NiceHash buyers and miners, change your passwords immediately if you haven’t already been ransacked: the cryptomining exchange that describes itself as the world’s largest marketplace for mining digital currencies has been vacuumed out.
Late Wednesday night, NiceHash said that it was suspending its operations for at least 24 hours because of a security breach.
Importantly, our payment system was compromised and the contents of the NiceHash Bitcoin wallet have been stolen. We are working to verify the precise number of BTC taken. Clearly, this is a matter of deep concern and we are working hard to rectify the matter in the coming days. In addition to undertaking our own investigation, the incident has been reported to the relevant authorities and law enforcement and we are co-operating with them as a matter of urgency
According to CoinDesk, a site specializing in cryptocurrency news and information, news of the breach comes on the heels of an hours-long outage and reports from a multitude of users that their NiceHash-associated wallets had been emptied. NiceHash had previously posted an announcement that its service was “under maintenance.”
NiceHash users have been passing around a link to a Bitcoin account that appears to belong to the hacker(s). It shows that as many as 4736 bitcoins had been stolen.
That jibes with what NiceHash head of marketing Andrej P. Škraba told The Guardian: namely, that the hack – “a highly professional attack with sophisticated social engineering” – resulted in approximately 4700 bitcoins being stolen.
As of Thursday morning, that amount was worth about USD $80 million – a value that skyrocketed from what The Hacker News said was $58 million at the time of the theft.
At the time of writing, the NiceHash service was still offline. NiceHash, which formed in 2014, still had a “Service Unavailable” post on its website, along with its official press release about the hack.
Unfortunately, the NiceHash hack is a prime example of how you can lose money beyond just the wildly fluctuating value of cryptocurrencies. As Naked Security’s Taylor Armerding noted recently, cryptocurrency exchanges – the sites where these currencies are bought, sold and stored – are a soft and vulnerable underbelly.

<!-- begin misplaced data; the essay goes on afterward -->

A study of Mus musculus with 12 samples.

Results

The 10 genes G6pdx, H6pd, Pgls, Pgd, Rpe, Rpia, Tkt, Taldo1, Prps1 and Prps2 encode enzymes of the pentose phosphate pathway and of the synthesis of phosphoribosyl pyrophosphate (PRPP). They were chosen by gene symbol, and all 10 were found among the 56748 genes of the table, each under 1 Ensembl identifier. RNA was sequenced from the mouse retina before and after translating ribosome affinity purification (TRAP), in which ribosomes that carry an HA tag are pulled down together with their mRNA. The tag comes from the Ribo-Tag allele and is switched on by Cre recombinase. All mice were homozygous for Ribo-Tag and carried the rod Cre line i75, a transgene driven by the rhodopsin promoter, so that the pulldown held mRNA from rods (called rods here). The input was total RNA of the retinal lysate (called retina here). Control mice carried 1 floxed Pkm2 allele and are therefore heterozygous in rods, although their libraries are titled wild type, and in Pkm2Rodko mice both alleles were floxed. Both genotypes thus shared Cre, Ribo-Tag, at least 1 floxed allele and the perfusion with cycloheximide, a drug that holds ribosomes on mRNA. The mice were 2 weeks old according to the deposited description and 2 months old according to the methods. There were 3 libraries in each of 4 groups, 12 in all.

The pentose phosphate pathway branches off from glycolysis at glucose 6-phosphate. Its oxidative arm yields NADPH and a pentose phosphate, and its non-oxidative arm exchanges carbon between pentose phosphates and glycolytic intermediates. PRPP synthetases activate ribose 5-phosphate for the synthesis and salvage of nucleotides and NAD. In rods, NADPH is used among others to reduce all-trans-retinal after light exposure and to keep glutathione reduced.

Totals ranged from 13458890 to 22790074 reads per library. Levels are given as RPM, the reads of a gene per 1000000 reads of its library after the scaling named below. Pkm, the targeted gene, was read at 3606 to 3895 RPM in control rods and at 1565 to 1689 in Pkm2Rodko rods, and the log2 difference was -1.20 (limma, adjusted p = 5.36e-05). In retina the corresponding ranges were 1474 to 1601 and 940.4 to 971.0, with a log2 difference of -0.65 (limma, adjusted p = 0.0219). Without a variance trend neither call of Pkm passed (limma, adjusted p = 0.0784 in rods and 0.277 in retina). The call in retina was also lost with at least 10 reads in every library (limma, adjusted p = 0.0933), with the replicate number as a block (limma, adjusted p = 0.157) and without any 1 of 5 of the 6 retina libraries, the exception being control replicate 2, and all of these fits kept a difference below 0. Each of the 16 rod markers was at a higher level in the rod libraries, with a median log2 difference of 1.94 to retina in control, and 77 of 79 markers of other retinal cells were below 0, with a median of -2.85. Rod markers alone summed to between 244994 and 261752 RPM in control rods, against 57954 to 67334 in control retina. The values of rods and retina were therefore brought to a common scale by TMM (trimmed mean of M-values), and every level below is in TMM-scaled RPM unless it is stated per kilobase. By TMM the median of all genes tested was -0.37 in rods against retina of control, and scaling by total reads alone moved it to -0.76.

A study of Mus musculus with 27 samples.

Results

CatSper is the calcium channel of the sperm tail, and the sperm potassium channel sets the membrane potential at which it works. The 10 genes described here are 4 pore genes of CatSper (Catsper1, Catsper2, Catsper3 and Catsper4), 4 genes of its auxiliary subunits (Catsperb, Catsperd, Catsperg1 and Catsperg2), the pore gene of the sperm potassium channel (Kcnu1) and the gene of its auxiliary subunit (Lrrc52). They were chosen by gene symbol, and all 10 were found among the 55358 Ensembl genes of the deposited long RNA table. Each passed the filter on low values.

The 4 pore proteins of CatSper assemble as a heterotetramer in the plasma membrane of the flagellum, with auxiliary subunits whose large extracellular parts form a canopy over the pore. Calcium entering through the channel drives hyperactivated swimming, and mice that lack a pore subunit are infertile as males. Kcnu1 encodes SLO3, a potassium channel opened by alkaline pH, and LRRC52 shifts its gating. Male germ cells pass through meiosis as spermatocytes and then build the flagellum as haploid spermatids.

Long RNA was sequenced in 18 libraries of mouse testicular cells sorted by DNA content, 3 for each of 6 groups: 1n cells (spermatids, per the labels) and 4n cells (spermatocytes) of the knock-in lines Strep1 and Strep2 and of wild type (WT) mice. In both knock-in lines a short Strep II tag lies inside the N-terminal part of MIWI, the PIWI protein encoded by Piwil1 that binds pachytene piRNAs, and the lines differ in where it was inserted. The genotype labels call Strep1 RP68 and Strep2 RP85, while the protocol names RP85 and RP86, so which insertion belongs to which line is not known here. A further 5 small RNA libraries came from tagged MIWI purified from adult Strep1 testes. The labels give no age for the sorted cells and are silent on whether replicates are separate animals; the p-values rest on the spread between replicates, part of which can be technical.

Once you’ve uploaded your private keys to an exchange to make trading easier, they’re at the mercy of that site’s security. The sites can be hacked, via social engineering or other means, and the keys can be stolen. Unfortunately, there’s no Federal Deposit Insurance Corporation (FDIC) to protect your Bitcoin; nor do governments or central banks back them up.
In August 2016, we saw it happen to Bitfinex, which was then the world’s largest Bitcoin exchange.
At that point, the one question on everybody’s lips was this: Are we getting Goxed again?
That had been, up until the Bitfinex hack, the Mother of All Bitcoin Bellyups. Mt. Gox, a Tokyo bitcoin exchange, announced in 2014 that there’s been a mysterious vanishing of half a billion dollars worth of digital assets.
In the case of Mt. Gox, 850,000 Bitcoins went missing and were thought to be likely stolen. That would be worth about $14.4 billion nowadays. But sometime after Mt. Gox found 200,000 of those Bitcoins, its chief was accused of embezzlement and data manipulation.
His trial started up in a Tokyo court in July. According to the Guardian, those affected by Mt. Gox’s failure are still trying to claw back the funds they lost and looking to the trial to hopefully help explain what happened.
The value of Bitcoin is through the roof, and it’s showing no signs of slowing down. It jumped past 15,000 on Thursday, and experts are predicting that it could get as high as $100,000 one year from now.
With no better value for a hacker, we can expect more stories like this one.